Remember When: The B-52s Improbably Became Bigger than Ever with ‘Cosmic Thing’

If The B-52s had broken up as they had considered doing after guitarist Ricky Wilson died of AIDS in 1985, they would have had a legacy as one of the best and most inventive bands of the ‘80s. Their early hits “Rock Lobster” and “Private Idaho” are still popular now, though neither made it to the Top 40 of the Billboard Hot 100. Their self-titled debut album went Platinum, and their second album Wild Planet was certified Gold. (Their third album Whammy! would eventually receive Gold certification in 1994.)


Finding Inspiration in Woodstock

The seeds of The B-52s’ comeback were sown with a change of scenery. Drummer-turned-guitarist Keith Strickland and vocalist/keyboardist Kate Pierson had relocated to Woodstock, New York, and Strickland started composing music for what would eventually become Cosmic Thing. He shared the songs with his bandmates, who eventually helped to complete them. Vocalist Fred Schneider told Billboard, “The music he brought us for Cosmic, we thought, was brilliant and inspiring. There was some trepidation about doing another record, but once we heard the music and got to jamming, everything fell into place really quickly.”

A Nearly Forgotten Lead Single

Unlike most multi-Platinum albums, Cosmic Thing did not get a push from a popular lead single. “Channel Z” was released in March 1989, three months ahead of the rollout of Cosmic Thing. The song featured many of the B-52s’ trademarks, including Cindy Wilson (Ricky’s sister) and Pierson’s vocal harmonies, Schneider’s shout-singing, and a funky guitar riff. It became the band’s first No. 1 hit on the months-old Billboard Alternative Airplay chart, but it failed to register on the Hot 100. The lead single from each of the B-52s’ first three albums made it to the Hot 100, and a lack of promotion for their fourth album Bouncing off the Satellites likely contributed to its leadoff single “Summer of Love” missing the singles chart.

“Love Shack”: Weird but Accessible

While “Channel Z” didn’t signal Cosmic Thing would become the B-52s’ comeback album, the second signal did that and even more. Reprise Records put out “Love Shack” a week prior to Cosmic Thing’s release, but its rise to megahit status was a slow climb. In his interview for BIllboard, Schneider said, “We had a hard time selling ‘Love Shack’ at first. …We would go to radio stations basically to beg them to play the song. Even the record company thought it was too weird. I thought it was the most accessible thing we had done.”

Schneider turned out to be correct. It took two-and-a-half months after its release for “Love Shack” to debut on the Hot 100, but it would soon become the B-52s’ biggest hit. Five months after its release, “Love Shack” reached its peak position of No. 3, and it would go on to spend 27 weeks on the chart.

In retrospect, “Love Shack” seems like an obvious hit single. It’s fun, singable, and features a bunch of memorable lines, such as Hop in my Chrysler, it’s as big as a whale / And it’s about to set sail and Your what?!? / … Tin roof, rusted? But it’s also quirky, and it could have been written off as a novelty hit. “Love Shack” already made Cosmic Thing the B-52s’ highest-charting album. However, by the time “Love Shack” hit its peak, Cosmic Thing was already gliding down the Billboard 200 from its peak position of No. 6.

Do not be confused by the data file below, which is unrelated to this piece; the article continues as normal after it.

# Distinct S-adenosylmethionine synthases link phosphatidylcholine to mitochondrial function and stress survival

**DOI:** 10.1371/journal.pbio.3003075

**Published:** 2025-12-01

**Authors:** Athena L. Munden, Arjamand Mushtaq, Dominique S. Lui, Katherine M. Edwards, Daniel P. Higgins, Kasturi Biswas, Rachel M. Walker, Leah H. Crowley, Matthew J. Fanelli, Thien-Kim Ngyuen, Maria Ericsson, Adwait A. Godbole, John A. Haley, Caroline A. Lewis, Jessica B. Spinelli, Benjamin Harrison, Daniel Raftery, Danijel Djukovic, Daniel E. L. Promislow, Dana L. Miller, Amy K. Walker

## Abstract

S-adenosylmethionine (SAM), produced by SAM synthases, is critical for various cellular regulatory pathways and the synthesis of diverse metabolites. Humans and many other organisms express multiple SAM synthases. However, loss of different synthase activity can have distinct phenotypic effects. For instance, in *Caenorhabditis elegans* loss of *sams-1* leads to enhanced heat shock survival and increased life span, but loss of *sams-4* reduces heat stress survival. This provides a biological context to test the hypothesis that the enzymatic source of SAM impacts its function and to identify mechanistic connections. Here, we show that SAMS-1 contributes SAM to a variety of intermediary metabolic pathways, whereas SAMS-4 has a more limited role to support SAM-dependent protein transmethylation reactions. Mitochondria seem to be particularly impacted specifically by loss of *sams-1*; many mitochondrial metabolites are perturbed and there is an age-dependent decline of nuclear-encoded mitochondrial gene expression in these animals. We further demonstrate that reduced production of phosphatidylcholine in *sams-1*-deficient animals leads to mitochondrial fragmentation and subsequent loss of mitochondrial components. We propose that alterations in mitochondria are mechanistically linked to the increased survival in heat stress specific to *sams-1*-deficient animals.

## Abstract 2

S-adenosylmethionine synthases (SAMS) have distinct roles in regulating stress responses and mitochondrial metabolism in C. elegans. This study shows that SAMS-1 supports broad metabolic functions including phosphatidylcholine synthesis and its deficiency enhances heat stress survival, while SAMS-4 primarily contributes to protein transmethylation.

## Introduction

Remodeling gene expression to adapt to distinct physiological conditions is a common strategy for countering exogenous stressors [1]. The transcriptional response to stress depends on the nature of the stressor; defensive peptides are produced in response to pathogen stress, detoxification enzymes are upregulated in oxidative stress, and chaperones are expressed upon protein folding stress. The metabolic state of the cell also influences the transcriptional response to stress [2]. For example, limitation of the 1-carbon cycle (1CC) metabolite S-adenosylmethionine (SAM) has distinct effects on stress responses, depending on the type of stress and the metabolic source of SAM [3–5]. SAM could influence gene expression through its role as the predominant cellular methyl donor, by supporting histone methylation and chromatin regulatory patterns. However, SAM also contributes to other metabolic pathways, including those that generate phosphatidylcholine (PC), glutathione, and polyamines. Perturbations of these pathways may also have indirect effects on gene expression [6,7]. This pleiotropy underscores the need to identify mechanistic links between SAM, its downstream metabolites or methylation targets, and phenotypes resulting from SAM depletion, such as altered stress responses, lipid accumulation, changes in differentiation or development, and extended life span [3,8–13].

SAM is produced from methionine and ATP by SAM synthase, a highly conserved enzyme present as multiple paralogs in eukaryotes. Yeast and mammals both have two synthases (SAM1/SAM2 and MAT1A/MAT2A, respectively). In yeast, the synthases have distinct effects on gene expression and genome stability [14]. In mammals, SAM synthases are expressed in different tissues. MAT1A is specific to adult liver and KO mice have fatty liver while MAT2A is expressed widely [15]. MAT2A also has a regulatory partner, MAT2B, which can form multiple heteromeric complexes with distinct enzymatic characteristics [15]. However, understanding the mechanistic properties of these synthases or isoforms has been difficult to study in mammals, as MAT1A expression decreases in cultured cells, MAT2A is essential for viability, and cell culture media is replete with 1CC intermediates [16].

“Roam” Solidifies Album’s Megahit Status

It was “Roam,” the follow-up to “Love Shack,” that truly cemented Cosmic Thing’s place as a massive comeback album. “Roam” was not typical B-52s fare. It’s a straightforward pop song that relies more on its melodicism than unexpected lyrical turns or funky grooves. Schneider does not sing on the track, and the lyrics were written by Robert Waldrop, who had contributed lyrics to a few earlier B-52 songs, including their 1983 single “Legal Tender.” (Waldrop also provided the art direction for Wild Planet.) “Roam” also peaked at No. 3 on the Hot 100 in March 1990, and its surge up the charts helped Cosmic Thing to reach a new peak of No. 4.

Cosmic Thing had one more Top 40 hit among its tracks, as “Deadbeat Club” reached No. 30 in June 1990. Unusually laid-back for a B-52s song, “Deadbeat Club” finds the band reminiscing about their lives in Athens, Georgia, before they experienced their first wave of fame.

The Aftermath of Cosmic Thing

Cosmic Thing was a unique moment in the B-52s’ trajectory. It was not destined to be a building block for an extended run of commercial success. Wilson was still mourning the loss of her brother, and in 1990, she decided to leave the band to focus on her family. The B-52s were reduced to the trio of Pierson, Schneider, and Strickland for their 1992 follow-up Good Stuff. The album was not as well received as Cosmic Thing was by critics, and it fell far short of its predecessor’s multi-Platinum status. Good Stuff did receive Gold certification, and the title track gave the B-52s their fourth Top 40 single, peaking at No. 28.

Wilson would return to the band in 1994, but they would not make another studio album until 2006, when they began work on Funplex. They released the album in 2008, as well as a pair of singles—the title track and “Juliet of the Spirits”—both of which reached the dance charts.

Cosmic Thing is not just an important album in the B-52s’ discography and one of the most popular albums from the late ‘80s and early ‘90s. It stands as one of the most cherished comeback albums in the rock era. Cosmic Thing would still be a great B-52s album even if it had received less notice. Thanks to “Love Shack”—a song that was just accessible enough for radio—it became something more.